BrightHouse has said that it is struggling to maintain customer numbers following new practices which enforce more rigorous customer screening.
The rent-to-own retailers has said that new practices ensuring customers have to undergo more in-depth affordability checks are harming its business, according to The Gaurdian.
Following public criticism of rent-to-own schemes last year, involving MPs accusing companies like BrightHouse of preying on low-income households, the company is pushing to bring its practices in line with the Financial Conduct Authoirty guidelines.
The FCA took over the regulation of rent-to-own schemes in 2014 and voiced concerns about the practices of major players like BrightHouse.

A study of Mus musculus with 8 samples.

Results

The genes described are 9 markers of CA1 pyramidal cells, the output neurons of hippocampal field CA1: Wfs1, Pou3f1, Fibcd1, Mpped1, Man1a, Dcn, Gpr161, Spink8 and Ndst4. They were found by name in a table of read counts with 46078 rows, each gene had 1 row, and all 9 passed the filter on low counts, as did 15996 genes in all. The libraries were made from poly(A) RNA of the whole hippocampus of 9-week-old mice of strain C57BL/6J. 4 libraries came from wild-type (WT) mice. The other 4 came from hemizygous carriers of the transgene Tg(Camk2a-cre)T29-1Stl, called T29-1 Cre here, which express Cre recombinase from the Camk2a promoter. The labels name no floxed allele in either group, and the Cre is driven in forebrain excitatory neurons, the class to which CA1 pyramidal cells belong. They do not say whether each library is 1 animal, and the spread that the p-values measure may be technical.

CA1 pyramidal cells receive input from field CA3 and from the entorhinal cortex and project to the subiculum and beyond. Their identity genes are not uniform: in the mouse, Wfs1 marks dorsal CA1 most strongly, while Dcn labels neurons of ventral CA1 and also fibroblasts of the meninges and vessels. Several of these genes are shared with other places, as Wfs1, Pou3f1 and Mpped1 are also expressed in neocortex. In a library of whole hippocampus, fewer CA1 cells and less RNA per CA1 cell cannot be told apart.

Its pre-tax profits were £21 million and group sales were up by 5.4 per cent to £370 million. BrightHouse made a onetime investment of £3.3 million to implement its affordability action plan and bring its practices in line with the FCA’s policies.
Customers often pay up to three times more for products using the scheme, which sees customers pay on a weekly basis with up to 99.9 per cent interest rates. This method of selling has grown since payday loans have been more heavily regulates, with rent-to-own customers increasing by 16 per cent in the second quarter.
“Inevitably this has impacted our profitability in the short term as we train colleagues and implement and embed new processes.
“We are making good progress on this and remain confident that the market size and demand for our proposition remain unchanged.”